The 9 Most Dangerous Cloud Security Threats10:00 AM EST Mon. Feb. 25, 2013
The Cloud Security Alliance, a nonprofit industry group that promotes best practices for cloud security, recently updated its list of top threats to cloud computing in a report, "The Notorious Nine: Cloud Computing Top Threats in 2013." The report, according to the CSA, reflects expert consensus about the most significant threats to cloud security and focuses on threats that are specifically related to the shared, on-demand nature of cloud computing.
Released Monday, the study is intended to help both cloud users and providers with their risk mitigation strategies. Continue on to see the group's findings.
Data stored in the cloud can be stolen by malicious attackers or lost for other reasons, the CSA said. Unless a cloud provider implements adequate backup measures, data can be accidentally deleted by the provider or lost in a fire or earthquake. At the same time, a customer that encrypts data before uploading it to the cloud but loses the encryption key will suffer data loss, the group said.
In a cloud environment, an attacker can use stolen credentials to eavesdrop, manipulate data, return fake data, and redirect customers to illegitimate sites, according to the CSA report. Companies should ban the sharing of account credentials between users and services and use strong, two-factor authentication to mitigate the risk, the group advised.
A weak set of software interfaces or APIs, which cloud customers use to manage and interact with cloud services, exposes organizations to a range of security issues, according to the CSA report. These interfaces must be designed properly with authentication, access control and encryption to ensure security and availability of the services.
The CSA also noted that organizations and third parties often build upon cloud interfaces to provide additional services, which introduces complexity and increases risk because cloud customers may need to provide their credentials to third parties to facilitate the services.
Denial of Service attacks can overwhelm a cloud service by forcing it to consume tons of system resources and prevent legitimate users from being able to use the service. Distributed Denial of Service attacks tend to get a lot of media attention, but there are other types of DoS attacks that can affect cloud computing, the CSA said. For example, attackers can launch asymmetric application-level DoS attacks by exploiting vulnerabilities in Web servers, databases or other cloud resources to take down an application with an extremely small payload.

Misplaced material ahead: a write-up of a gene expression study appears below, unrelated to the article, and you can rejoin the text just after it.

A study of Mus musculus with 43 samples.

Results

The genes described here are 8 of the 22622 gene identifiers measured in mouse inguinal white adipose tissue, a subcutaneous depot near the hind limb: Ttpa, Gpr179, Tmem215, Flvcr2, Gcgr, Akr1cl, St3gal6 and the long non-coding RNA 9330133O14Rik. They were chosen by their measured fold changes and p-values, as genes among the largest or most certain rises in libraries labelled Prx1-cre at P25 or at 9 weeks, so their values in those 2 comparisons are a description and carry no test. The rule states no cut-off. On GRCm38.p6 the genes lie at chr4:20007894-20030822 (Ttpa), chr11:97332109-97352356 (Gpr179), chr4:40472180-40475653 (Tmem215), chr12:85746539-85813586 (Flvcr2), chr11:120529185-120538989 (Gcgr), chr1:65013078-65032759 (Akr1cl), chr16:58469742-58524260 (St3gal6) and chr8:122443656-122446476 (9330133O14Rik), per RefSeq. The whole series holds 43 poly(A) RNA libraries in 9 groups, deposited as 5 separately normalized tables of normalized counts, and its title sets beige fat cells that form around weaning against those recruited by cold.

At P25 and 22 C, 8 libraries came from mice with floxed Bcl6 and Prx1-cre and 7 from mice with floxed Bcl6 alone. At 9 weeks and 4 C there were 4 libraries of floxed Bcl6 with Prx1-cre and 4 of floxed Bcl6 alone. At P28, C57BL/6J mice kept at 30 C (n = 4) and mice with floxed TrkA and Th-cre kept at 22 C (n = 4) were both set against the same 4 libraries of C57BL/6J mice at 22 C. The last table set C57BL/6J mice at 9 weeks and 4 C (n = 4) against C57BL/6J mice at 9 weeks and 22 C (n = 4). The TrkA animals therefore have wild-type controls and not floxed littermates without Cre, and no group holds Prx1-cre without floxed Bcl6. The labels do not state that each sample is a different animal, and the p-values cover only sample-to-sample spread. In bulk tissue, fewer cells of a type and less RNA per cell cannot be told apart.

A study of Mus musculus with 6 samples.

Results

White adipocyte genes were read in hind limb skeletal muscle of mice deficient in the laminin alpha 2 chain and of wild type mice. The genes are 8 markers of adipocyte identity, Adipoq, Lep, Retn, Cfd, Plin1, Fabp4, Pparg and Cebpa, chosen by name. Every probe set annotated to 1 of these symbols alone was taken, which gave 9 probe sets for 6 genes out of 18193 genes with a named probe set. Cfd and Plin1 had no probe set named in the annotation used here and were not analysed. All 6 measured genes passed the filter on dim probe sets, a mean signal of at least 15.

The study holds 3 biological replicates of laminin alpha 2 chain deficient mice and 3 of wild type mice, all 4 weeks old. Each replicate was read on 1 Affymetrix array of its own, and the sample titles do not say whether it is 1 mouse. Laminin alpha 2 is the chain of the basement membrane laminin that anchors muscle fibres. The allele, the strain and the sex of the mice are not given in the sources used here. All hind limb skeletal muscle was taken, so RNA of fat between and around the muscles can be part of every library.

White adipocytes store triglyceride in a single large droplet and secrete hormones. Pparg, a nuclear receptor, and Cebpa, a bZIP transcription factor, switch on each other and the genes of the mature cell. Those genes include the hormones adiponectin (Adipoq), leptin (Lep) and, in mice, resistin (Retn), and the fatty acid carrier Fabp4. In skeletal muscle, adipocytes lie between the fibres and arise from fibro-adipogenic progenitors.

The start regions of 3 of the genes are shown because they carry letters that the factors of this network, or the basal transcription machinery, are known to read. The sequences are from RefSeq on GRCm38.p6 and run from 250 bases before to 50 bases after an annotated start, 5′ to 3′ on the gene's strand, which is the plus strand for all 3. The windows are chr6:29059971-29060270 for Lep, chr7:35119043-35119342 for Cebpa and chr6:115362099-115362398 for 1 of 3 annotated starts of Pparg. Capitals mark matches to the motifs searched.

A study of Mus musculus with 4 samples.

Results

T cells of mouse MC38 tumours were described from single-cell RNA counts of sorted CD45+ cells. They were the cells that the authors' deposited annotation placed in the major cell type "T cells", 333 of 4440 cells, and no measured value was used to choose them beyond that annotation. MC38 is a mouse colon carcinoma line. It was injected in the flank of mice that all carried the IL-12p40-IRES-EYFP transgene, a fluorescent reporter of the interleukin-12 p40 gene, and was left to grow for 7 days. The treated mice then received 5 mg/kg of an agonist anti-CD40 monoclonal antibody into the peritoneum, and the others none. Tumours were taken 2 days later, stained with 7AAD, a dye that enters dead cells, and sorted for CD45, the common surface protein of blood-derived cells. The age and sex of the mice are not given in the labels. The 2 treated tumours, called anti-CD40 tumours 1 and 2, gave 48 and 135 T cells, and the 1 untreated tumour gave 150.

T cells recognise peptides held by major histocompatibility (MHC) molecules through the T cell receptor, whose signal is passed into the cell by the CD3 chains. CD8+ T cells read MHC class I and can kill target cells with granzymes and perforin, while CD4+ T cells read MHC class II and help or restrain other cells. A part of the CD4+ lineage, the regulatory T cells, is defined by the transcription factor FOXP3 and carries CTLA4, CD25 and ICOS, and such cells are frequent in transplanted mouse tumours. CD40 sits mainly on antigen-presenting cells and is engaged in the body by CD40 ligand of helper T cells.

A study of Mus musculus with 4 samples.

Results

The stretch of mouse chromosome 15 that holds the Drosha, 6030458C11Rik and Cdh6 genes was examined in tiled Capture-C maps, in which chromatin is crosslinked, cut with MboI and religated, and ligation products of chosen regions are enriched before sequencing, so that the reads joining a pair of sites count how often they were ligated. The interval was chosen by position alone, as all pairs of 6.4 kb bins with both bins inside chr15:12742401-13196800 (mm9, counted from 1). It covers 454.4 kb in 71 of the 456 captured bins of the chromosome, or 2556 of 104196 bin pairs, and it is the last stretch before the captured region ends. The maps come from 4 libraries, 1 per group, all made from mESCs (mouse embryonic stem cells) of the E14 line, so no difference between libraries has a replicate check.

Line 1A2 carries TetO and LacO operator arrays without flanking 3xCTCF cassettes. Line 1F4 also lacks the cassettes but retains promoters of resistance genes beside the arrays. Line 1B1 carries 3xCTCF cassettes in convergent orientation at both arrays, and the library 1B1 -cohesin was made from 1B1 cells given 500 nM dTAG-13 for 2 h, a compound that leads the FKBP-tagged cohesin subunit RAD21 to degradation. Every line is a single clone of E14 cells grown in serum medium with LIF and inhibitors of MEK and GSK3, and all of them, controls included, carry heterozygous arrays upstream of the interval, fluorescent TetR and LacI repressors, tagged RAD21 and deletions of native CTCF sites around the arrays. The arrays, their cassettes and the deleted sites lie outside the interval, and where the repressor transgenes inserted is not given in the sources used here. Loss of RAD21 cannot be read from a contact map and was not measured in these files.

In an IaaS, PaaS or SaaS environment that isn't built with the proper security, a malicious insider such as a system administrator can gain access to sensitive information, according to the report.
Systems that depend solely on the cloud service provider for security are at great risk, the CSA said. "Even if encryption is implemented, if the keys are not kept with the customer, and only available at data-usage time, then the system is still vulnerable to malicious insider attack," the CSA said in its report.
Cloud computing allows organizations of all sizes to access vast amounts of computing power, but not everyone wants to use this power for good, the CSA warned. For example, an attacker could use an array of cloud servers to crack an encryption key in minutes.
Cloud providers need to consider how they can detect people abusing their service, how they define abuse and prevent it, the report advised.
Eager to reap the cost reductions and other benefits of the cloud, some organizations are rushing to adopt cloud technologies without fully understanding the implications, according to the report. Organizations need to perform extensive due diligence of their internal systems and the prospective cloud service provider to fully understand the risks they're adopting with the new cloud model.
The threat of shared vulnerabilities exists in all cloud delivery models, the CSA said. If a key piece of shared technology, such as the hypervisor or a shared platform component, is compromised, it exposes more than just the compromised customer -- it exposes the entire environment.